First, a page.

Andy on Twitter

  • RH: respect the opportunity you have @Cannes_Lions,
  • Kraft: Stay humble. Work hard. What happened yesterday has no relevance to today or next week. Don't wait for chance. @Cannes_Lions,
  • RH: companies matter in terms of getting stories out to people. @Cannes_Lions,
  • RH points to Trad media co's entering OTT ... @Cannes_Lions,
  • Kraft: nothing bad happens that doesn't have some good associated with it @Cannes_Lions,
  • Kraft: Eventually will be a NFL team in London @Cannes_Lions,
  • Kraft: The future is OTT - which means goodbye TV as we know it. Mobile + streaming + integration with games = winner @Cannes_Lions,
  • Kraft is concerned middle class not doing as well as they should. So right @Cannes_Lions,
  • The hard thing and the right thing are the same thing. Kraft @Cannes_Lions,
  • Practice patience. Never make a change unless you have something better. Kraft @Cannes_Lions,
  • Great orgs are built on inspired talent that is difficult to manage, sometimes large in confidence and ego, strong: Kraft at @Cannes_Lions,
  • The best tend to be the most creative - and tend to be the most difficult. As a leader you must learn to live with that. Kraft @Cannes_Lions,
  • Cannes debate underway.,
  • Thanks for a great session and for the beautiful and inspiring work. @Cannes_Lions,
  • Profit of 8 pounds for every 1 spent - rallies employees in critical trading period - emotion pays @johnlewisretail,

For those of you that missed that Steve Jobs chatted with the NYTimes, off the record, you can read more here. That this constitutes selective disclosure of material information seems to have been missed by most. Dan Lyons (ironically, once the fake Steve Jobs), says it well:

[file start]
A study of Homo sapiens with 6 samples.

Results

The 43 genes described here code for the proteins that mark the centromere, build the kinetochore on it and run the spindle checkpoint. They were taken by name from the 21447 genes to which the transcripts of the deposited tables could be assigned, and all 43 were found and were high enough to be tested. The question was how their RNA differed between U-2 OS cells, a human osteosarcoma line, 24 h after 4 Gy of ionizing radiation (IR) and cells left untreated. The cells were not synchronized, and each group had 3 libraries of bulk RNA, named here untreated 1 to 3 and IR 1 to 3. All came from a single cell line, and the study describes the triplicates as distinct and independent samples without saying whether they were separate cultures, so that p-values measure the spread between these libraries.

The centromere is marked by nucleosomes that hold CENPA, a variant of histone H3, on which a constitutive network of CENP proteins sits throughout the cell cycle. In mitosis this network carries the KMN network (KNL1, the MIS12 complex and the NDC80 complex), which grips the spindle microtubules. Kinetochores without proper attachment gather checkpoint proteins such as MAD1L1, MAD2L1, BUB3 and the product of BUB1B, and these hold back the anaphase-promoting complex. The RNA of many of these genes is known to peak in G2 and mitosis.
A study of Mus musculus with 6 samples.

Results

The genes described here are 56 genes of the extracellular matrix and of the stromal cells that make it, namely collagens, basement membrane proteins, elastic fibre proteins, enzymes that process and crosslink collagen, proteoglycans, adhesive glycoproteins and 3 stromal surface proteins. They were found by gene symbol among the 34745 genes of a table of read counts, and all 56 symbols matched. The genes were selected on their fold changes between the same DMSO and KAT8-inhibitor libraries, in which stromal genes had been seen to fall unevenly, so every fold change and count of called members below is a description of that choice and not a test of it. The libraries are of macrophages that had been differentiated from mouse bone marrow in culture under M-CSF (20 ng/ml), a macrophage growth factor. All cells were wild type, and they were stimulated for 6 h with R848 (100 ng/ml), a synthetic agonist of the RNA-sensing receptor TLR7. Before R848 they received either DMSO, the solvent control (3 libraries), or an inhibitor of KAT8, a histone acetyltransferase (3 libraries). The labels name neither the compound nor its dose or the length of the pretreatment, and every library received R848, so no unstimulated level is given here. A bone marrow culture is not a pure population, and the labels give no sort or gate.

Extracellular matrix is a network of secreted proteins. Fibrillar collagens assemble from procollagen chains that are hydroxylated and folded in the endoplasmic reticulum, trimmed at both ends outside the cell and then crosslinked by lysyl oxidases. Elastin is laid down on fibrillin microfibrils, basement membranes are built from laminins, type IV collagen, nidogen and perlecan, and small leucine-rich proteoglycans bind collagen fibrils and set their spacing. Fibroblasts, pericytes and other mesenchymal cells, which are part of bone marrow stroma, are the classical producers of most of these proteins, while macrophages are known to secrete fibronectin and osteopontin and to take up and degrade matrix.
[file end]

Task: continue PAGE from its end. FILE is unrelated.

“Imagine, seriously, the response if Microsoft pulled (crap) like this. Or any company. … Here’s the thing. If you want to appear in public looking like (crap), and you insist on offering no explanation for the way you look, because you believe your privacy is more important than your company’s stock price, then fine. That’s a reasonable position. So do that. Stick to your principles, shut … up, and let the stock do what it’s going to do. But don’t try to have it both ways. Don’t pull this crap with leaks and off-the-record conversations. Either answer the question, out loud, in public, or don’t.”

I’m all for CEOs maintaining their privacy. But you can’t have it both ways – selectively revealing your health status to some while keeping it from others. Those that have the information now possess a unique advantage others don’t. Opacity, Apple’s hallmark, is one thing. Selective disclosure is an entirely different matter.